In 1961, RotorWay’s founder, B.J. Schramm, tested the company’s first prototype, the Javelin. The Javelin used a 40 hp (30 kW) motorcycle engine, and was the forerunner of RotorWay’s first production helicopter, the Scorpion, which was offered in 1967.
The Scorpion, priced at $6,300 (not including the cost of the engine), was the first real kit helicopter on the market that flew. The Scorpion was intended for the sport-flying public, rather than the commercial market and this dictated the cost and weight of the aircraft. Originally, costs were intended to be under $10,000, but inflation changed that. The original Scorpion weighed between 1200 and 1300 pounds. It featured a standard gear reduction drive, a semi-articulated two-bladed rotor system, and a one-person capacity.
An improved version of the Scorpion was introduced in 1971. Among the modifications in the new version were all-aluminum rotor blades, a 115 hp (86 kW) OMC 2-cycle engine (Evinrude Vulcan V-4 outboard motor) and a heavier drive system (shafts and bearings).
In 1971, the Scorpion II was introduced with an OMC 125 hp (93 kW), 2-cycle engine which provided enough power to fly two lightweight people, unlike previous versions.
In 1974, the company eliminated the 2-cycle engine and, unable to find a manufacturer to make their 4-cycle engine suitable for the helicopter, began production of their own engine. This engine, called the RotorWay RW133, was a 4-cycle engine that was able to provide a cruise speed of 80 mph (130 km/h) with a range of 120 miles (193 km) and a useful load of 420 pounds.
The RW 133 engine was installed in the Scorpion II, which was renamed the Scorpion 133. The Scorpion 133 had a list price of $13,500, a gross weight of 1,235 lb (560 kg), and a range of 130 nautical miles (79 nautical miles (146 km) with two people).
In 1980, RotorWay introduced the RW145 engine, and the Exec helicopter. This was the first helicopter produced by RotorWay that strived to get away from the “kit helicopter” look. Unlike previous helicopters, the Exec did not have an exposed frame or exposed engine and far more attention was given to the aesthetics of the aircraft.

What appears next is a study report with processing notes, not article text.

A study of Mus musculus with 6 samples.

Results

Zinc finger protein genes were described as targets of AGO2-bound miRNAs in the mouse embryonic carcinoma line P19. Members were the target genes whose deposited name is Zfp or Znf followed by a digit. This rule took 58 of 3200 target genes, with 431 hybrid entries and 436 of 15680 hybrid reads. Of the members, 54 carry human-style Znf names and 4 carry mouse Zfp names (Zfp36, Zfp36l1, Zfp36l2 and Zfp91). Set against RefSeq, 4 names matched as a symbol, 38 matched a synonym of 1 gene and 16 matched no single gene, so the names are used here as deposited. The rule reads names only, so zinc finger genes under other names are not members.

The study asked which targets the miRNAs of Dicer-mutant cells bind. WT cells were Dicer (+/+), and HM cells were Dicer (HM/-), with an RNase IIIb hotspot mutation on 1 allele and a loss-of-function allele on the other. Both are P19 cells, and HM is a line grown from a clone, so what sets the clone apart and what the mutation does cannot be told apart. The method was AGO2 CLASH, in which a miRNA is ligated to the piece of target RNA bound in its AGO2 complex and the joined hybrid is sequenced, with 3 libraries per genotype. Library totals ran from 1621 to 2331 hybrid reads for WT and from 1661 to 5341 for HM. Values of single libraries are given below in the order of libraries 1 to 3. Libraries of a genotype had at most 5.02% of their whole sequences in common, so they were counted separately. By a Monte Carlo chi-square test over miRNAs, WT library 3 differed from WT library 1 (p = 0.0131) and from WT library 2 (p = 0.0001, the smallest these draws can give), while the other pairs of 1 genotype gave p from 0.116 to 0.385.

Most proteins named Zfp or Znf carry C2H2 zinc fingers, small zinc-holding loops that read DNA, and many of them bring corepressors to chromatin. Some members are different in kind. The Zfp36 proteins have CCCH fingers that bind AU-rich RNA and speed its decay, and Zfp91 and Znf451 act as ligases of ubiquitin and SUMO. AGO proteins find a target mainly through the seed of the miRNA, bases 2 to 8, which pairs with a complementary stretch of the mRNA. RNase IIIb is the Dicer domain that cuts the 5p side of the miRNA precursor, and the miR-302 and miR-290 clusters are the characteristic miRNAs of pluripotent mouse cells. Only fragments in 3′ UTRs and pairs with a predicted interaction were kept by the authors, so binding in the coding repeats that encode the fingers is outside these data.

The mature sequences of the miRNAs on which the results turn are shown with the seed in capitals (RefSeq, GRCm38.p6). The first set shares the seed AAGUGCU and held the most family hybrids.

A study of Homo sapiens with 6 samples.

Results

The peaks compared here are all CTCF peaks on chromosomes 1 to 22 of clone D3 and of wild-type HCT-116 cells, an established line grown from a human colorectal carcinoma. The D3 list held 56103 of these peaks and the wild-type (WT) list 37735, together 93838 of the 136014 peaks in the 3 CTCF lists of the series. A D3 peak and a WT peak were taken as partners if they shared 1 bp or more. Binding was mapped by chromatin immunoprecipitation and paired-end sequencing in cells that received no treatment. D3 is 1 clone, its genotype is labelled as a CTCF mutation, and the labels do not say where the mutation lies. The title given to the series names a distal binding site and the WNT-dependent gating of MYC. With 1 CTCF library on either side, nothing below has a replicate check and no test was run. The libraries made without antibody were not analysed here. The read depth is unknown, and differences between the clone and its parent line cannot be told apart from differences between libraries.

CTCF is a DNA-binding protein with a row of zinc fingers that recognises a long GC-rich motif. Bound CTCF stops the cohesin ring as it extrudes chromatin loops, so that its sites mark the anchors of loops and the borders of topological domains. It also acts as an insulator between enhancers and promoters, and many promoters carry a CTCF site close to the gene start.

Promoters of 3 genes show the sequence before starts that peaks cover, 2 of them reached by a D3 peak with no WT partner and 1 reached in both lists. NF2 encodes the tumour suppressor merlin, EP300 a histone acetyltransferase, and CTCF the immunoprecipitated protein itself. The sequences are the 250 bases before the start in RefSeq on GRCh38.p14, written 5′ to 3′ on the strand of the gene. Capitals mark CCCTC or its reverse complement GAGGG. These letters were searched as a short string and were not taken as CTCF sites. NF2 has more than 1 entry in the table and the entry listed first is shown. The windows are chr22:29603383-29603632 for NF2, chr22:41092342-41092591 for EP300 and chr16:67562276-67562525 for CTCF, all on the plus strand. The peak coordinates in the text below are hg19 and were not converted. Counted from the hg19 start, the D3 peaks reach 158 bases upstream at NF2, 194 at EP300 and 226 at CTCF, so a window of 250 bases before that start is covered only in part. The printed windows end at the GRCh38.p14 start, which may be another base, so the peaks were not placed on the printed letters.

1982 marked the introduction of the asymmetrical rotor blade, enabling the craft to climb to higher altitudes and making the blade resistant to erosion, but with a risk of losing the aircraft if the engine quit.
The Exec helicopter was designed during the late 1980s, and had a 152 hp (113 kW) engine with a maximum payload of 400 pounds, cruise speed of 113 mph (182 km/h) and maximum airspeed of 130 mph (210 km/h). After selling just three Exec helicopters, the company succumbed to financial challenges and was purchased by a former customer, John Netherwood, and stopped production of the Exec helicopter due to design hurdles and financial constraints on the company.
The RW152 engine was manufactured in 1984.
In 1990 RotorWay Aircraft underwent reorganization and changed its name to RotorWay International.
The design and production of the Exec series helicopters began in the early 1990s, starting with the Exec 90. The Exec 90 contained the RI 162 engine, and, unlike previous helicopter kits, much of the assembly, including the welding, was done at the factory. The Exec 90 was followed by the Exec 162F in 1994.
The Exec 162F, with some improvements to the FADEC system and the ACIS, is still being produced and sold by RotorWay.
In July 2007, RotorWay announced the development of the A600 Talon. The A600 Talon features an updated FADEC system, an all-glass cockpit, a cog-belt replacing the primary drive chain, and a larger landing gear, among other features.
In February 2009, RotorWay purchased PMC Machining and Manufacturing, a Phoenix-based builder of helicopter parts. The CEO of PMC, Mark Porter, became president and COO of RotorWay as part of the acquisition. The company also announced plans to certify a two-seat turbine helicopter using the Rolls-Royce RR300 engine and said that acquiring PMC will make that possible.
In July 2015 the company introduced the RotorWay RW7 model.